Friday was opposite day. Up was down, right was left, Tramadol Nights was clever. Things that I expected just reversed themselves. Plus it ended with the greatest insult I have ever received. Friday was fun.
I went for a beer at Tortilla just off Oxford Street. It's a nice little cheap n' cheerful Mexican fastish food place. I was looking forward to my beer. It would have lime in it and I could pretend I was on holiday somewhere warm and not just walked in from a street where the air is made of broken glass and punches. That beer was going to transport me from the cold street to the hot beach. Sadly, two girls sat near me. They sat near me and they talked. The very two things I thoroughly despise: people and their voices.
They spoke so loudly and so constantly and so X-Factorly. They actually spoke in X-Factor language. For fucking ages. "Seriously, I just fink, right, that this is my moment to shine, you get me?" "You have such a gift inside you. You need to show everyone that". "I really do. Deep down, I know I'm so special".
This genuinely went on for half a fucking hour. The subject of their conversation was how she dumped her boyfriend because he couldn't lose weight. "I have so much to give, you get me? This is my life and I have to live it or I'm just not being true to myself. My wings shouldn't be clipped because everyone should be free to fly and reach their dreams. Plus he was fat".
HALF A FUCKING HOUR. Listening to that shit. You dumped him because every time you spoke he screwed his face up and just stared at you, there is NOTHING deep within you except for the chips you're shoving down you oh-so-snappable neck and you can't shine. People cannot shine. No one has ever shined. It is impossible to shine. You're not a Knight. Fuck off saying shine. I hated these two girls. They were loud, pretentious and fucking horrible.
Then they offered me some margarita.
Turned out they were lovely. I left really disappointed. The fucking lovely, generous slags.
Then it was off to my gig where I was immediately warned of a table of women at the front who were sitting at the front, being loud and they kept getting up on to the stage to talk into the mic. Even though the mic wasn't switched on yet, they kept on doing it. Before the show started we must have seen them get up on the stage and use the dead mic 10 times, each time thinking it was hilarious. It was a Christmas party gig in a room full of work outings and it was going to be bedlam. The rest of the audience looked really nice and even somewhat sophisticated, there was even a group in the room from a company called Fine & Rare Wines, but these ladies were going to be trouble. You could just smell it.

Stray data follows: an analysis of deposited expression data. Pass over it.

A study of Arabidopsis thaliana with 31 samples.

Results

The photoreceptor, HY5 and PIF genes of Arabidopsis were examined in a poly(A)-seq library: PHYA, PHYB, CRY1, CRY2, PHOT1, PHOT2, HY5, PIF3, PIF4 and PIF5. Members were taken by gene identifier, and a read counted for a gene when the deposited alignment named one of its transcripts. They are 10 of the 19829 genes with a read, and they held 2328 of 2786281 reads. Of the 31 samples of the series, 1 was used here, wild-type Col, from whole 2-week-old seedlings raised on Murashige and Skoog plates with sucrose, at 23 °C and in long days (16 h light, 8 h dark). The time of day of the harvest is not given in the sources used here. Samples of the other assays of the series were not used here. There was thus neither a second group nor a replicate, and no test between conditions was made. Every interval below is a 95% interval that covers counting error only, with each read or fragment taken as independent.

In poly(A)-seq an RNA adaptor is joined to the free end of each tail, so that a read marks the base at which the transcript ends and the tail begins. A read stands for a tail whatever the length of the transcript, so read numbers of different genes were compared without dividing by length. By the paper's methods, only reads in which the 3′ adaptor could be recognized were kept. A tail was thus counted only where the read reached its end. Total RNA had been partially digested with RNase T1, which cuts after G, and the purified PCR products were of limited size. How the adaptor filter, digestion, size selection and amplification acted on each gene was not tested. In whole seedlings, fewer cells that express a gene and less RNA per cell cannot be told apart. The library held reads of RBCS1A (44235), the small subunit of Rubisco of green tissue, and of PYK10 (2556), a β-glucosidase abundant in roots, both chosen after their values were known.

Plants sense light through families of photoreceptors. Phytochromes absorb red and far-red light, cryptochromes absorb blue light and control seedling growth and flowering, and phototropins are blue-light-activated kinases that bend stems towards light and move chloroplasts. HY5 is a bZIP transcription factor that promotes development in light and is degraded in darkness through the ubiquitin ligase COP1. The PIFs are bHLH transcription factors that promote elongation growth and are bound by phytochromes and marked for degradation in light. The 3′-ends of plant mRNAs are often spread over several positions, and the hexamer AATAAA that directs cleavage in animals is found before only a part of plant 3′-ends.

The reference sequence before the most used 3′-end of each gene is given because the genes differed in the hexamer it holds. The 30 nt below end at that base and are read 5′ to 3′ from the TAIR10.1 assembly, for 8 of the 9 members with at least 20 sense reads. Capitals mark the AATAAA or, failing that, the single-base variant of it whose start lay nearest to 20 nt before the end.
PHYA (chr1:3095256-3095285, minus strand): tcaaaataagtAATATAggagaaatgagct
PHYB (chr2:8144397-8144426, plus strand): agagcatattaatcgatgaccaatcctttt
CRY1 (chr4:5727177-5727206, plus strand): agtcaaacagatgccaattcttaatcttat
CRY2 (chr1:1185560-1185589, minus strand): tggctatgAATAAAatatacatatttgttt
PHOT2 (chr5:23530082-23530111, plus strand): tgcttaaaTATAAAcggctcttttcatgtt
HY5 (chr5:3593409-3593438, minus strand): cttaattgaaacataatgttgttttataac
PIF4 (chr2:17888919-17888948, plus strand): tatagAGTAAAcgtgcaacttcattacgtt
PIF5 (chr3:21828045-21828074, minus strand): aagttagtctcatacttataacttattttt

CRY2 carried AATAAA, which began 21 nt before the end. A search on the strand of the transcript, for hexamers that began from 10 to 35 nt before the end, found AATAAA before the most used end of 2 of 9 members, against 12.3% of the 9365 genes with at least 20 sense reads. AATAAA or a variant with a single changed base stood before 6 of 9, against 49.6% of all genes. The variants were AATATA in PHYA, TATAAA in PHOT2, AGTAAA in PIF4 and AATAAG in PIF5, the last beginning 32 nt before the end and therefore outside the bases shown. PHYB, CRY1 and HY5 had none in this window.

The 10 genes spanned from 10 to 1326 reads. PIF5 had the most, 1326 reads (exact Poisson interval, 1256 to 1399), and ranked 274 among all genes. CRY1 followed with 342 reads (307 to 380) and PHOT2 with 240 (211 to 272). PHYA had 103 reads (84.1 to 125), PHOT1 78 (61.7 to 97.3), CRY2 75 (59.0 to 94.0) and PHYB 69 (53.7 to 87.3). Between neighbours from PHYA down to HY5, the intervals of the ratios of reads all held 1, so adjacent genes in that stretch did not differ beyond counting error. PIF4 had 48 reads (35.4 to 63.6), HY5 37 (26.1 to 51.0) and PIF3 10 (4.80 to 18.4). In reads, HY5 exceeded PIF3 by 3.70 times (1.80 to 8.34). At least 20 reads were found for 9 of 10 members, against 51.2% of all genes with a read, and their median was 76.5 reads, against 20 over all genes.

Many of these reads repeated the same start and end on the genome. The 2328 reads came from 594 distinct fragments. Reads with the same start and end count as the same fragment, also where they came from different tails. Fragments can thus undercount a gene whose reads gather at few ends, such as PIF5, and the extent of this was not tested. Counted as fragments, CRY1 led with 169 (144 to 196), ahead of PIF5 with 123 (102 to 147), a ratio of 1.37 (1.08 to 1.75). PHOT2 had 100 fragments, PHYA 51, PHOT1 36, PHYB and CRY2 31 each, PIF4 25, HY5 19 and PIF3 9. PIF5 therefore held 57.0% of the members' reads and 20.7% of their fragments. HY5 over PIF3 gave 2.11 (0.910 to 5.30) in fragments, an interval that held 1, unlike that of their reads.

And there was bedlam in the room indeed. One table refused to shut up, some of them even refused to sit down when we started the show. The loud and scary women at the front quietly and respectfully asked them to keep the noise down. That's right. They may as well have offered me a margarita. Soon, the rest of the room was calling on this table to keep quiet and, a little while before they were thrown out, I asked them what company they worked for. One spikey haired little cunt among them shouted "Fine & Rare Wines" and started cheering.
Their boss came up to me and said that being repeatedly asked to be quiet and then being told to leave was a bit strong, after all they'd only been talking amongst themselves. I told him that you don't go to the theatre and talk amongst yourselves, do you? His mind just drifted away for two minutes while he thought about this. "I see your point", he said. WHY DO PEOPLE NEED TO BE TOLD TO SHUT UP IN COMEDY CLUBS? What is it about a comedy club that people don't feel it's important or respectful to not talk constantly and just enjoy the show? If you have the answer, please tell me. It's baffled me for years.
Then the "annoying" women who turned out to be nice bought me a drink. That's twice I've been wrong in one night. Let's make it three times. A man came up to me after the gig saying nice things about me and not so nice things about Fine & Rare Wine. He seemed very knowledgeable about comedy, professing to be a fan of Stewart Lee, Daniel Kitson and even Mr. Show, an American sketch show that I love. He seemed a clever man and was certainly very complimentary and polite. He liked my spontaneity on stage and said that was what he found most interesting about any comedian. I felt proud. Then he said "I mean I know that spontaneity is the lowest form of wit but I like it"
By the way, I lied about Tramadol Nights.